There are numerous ways that employers commit wage theft. Employees’ rights should be protected, and you deserve all the pay to which you are legally entitled.

At Rowdy Meeks Legal Group LLC, we will vigorously pursue employee rights. The firm has the experience to assess and pursue claims against employers for minimum wage and overtime violations, among other employment claims.

What Happens When Employers Commit Wage Theft?

When employers commit wage theft, it is a serious violation of employment laws. Wage theft occurs when employers underpay or deny employees compensation they are legally entitled to under employment laws and/or contracts.

Employers Commit Wage Theft in Numerous Ways

Employers cheat employees out of wages in many ways. Here are some of the most common ways.

Minimum Wage Violations

Federal law requires employees to receive a minimum hourly wage of $7.25. Many states have higher minimum hourly rates, and employees are entitled to whichever minimum wage rate is greater. Minimum wage violations occur when employers pay employees less than the applicable minimum wage. This can also occur when employers make illegal deductions from employees’ pay checks, work employees off the clock, or refuse to pay employees for work-related expenses such as cell phones and computers.

Overtime Violations

Eligible employees are entitled to an overtime rate of 1.5 times their regular hourly rate for each hour worked over the standard 40-hour work week. Some states have additional overtime laws which require employers to pay daily overtime or other additional overtime. You should check with an employment attorney to determine if these state laws apply to you.

There are some exemptions to the overtime laws; however, employers will often misclassify employees as exempt to avoid paying them overtime. For example, an employer may designate workers as independent contractors when they are actually employees.

Employers may also average hours over two weeks or more to avoid paying overtime. They may also ignore when hourly employees work overtime or do not allow employees to report overtime hours.

Employers commit wage theft when they fail to pay overtime to salaried employees who don’t meet the salary threshold for exemption under the Fair Labor Standards Act or state law.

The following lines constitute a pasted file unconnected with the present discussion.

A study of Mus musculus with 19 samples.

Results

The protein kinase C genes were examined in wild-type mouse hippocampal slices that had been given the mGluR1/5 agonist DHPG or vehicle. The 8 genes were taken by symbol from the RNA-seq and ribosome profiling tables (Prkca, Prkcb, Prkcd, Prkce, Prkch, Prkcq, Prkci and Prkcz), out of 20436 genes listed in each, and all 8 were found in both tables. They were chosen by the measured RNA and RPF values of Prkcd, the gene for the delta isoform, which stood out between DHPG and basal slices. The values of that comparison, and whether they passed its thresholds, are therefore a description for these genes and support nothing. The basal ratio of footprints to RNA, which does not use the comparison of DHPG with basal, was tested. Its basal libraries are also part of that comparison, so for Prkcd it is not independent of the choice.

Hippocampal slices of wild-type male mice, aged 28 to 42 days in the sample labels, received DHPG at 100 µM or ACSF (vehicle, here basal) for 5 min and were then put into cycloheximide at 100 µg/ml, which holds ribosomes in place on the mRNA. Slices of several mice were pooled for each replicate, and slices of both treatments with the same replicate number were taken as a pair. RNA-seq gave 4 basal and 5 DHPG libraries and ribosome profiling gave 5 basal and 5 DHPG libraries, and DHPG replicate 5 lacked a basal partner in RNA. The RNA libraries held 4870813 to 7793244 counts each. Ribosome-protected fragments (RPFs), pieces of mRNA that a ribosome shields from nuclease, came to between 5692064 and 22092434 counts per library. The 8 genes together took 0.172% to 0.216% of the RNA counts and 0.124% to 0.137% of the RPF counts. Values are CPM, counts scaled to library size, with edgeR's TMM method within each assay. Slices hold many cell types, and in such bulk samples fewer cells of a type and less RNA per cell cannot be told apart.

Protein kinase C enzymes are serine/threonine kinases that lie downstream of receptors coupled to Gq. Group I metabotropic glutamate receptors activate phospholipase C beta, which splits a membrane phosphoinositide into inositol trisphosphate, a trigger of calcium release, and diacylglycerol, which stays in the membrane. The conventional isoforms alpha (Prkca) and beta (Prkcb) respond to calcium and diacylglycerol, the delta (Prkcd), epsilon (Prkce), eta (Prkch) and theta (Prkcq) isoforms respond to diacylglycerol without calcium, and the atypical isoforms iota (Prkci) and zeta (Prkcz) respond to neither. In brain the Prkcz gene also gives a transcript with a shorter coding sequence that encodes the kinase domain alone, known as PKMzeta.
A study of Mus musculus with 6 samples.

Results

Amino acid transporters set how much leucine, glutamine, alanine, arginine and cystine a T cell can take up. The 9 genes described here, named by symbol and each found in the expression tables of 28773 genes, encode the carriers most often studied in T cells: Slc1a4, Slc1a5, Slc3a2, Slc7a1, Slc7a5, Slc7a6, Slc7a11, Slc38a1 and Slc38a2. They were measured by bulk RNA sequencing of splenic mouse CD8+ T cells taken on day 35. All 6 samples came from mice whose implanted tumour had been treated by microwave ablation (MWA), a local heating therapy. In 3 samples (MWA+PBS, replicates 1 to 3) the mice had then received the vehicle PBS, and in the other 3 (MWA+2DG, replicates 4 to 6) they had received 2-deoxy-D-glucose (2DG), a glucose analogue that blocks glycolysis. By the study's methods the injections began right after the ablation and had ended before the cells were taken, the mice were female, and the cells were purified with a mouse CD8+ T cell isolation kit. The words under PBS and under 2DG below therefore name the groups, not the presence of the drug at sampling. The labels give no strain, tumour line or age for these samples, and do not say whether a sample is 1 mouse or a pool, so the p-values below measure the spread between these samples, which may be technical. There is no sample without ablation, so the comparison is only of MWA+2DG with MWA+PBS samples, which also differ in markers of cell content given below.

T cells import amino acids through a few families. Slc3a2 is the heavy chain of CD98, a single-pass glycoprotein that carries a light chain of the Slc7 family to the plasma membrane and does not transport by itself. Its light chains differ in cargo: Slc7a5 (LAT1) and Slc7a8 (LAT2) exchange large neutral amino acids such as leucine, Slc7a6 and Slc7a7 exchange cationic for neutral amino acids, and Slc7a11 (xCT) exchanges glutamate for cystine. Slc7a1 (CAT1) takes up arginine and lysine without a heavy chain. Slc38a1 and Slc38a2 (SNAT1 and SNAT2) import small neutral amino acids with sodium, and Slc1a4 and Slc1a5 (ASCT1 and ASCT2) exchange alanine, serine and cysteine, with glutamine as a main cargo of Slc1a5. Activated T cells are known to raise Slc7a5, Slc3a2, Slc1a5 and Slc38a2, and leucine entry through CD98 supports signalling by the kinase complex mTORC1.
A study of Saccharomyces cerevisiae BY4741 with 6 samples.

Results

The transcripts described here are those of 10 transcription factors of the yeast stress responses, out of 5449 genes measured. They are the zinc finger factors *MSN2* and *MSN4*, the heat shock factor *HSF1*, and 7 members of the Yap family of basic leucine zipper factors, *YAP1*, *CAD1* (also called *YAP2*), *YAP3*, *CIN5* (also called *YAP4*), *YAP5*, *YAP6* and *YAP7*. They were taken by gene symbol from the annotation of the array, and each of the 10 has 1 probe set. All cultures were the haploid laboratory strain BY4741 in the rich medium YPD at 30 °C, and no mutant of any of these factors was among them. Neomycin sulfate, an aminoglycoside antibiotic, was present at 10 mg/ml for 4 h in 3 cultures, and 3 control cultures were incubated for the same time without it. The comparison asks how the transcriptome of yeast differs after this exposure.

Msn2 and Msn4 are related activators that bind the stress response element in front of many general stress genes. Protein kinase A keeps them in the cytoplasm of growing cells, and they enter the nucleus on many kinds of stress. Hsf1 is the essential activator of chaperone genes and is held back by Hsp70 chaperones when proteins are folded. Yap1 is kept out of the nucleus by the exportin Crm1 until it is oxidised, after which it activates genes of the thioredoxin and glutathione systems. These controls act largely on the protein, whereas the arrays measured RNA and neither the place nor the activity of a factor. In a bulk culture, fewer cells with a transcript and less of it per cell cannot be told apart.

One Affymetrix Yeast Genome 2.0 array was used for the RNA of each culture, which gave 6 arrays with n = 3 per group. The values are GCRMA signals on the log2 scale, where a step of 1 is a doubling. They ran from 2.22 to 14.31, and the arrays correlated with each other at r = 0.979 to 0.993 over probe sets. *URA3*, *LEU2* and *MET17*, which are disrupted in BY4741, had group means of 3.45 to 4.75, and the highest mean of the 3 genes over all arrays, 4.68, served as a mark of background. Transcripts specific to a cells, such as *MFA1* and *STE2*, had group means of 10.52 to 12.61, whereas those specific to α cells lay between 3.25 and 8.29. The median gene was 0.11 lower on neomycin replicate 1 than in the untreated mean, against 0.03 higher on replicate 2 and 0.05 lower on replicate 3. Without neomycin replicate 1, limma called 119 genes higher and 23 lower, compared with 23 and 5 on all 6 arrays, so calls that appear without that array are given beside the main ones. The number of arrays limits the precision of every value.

Working Off the Clock

An employer acts unlawfully if the employer requires employees to work before or after their shifts, and during meal periods and/or breaks without compensation. It is also illegal for an employer to automatically deduct meal or rest breaks from employees’ wages even when they work through them. We find this often occurs in the healthcare and care home industries.

Tip Theft

Waiters, waitresses, and bar staff are often the victims of wage theft. Employers may set up improper tip pooling and tip-sharing arrangements. Employers can track tip credit for minimum wage and overtime laws, but employers can’t keep any tip money.

Employers in some industries can pay a special base rate less than minimum wage. However, they have to show that employees received enough tip money to equal the applicable minimum wage.

Payroll Deduction Violations

Employers can sometimes make legal deductions to an employee’s wages. However, unauthorized deductions for uniforms or tools that lower employees’ pay to less than minimum wage are not lawful.

Record-Keeping Violations

Employers may commit wage theft by failing to maintain accurate records of work hours, pay rates, and other wage-related information.

Suing Your Employer for Wage Violations

Contacting an experienced employment attorney is important in recovering your lost wages. An employment attorney can help you understand the minimum wage and overtime requirements based on your circumstances and state.

You should also review any employment agreement or payment policies when you notice your incorrect wages. Look for employer policies about overtime and bonuses to ensure you understand your rights.

Collecting relevant documentation can help strengthen your claim.

Contact an Experienced Employment Attorney to Fight For Your Rights

Employers commit wage theft intentionally and often, so contact Rowdy Meek Legal Group LLC for a free case evaluation if you suspect workplace wage violations.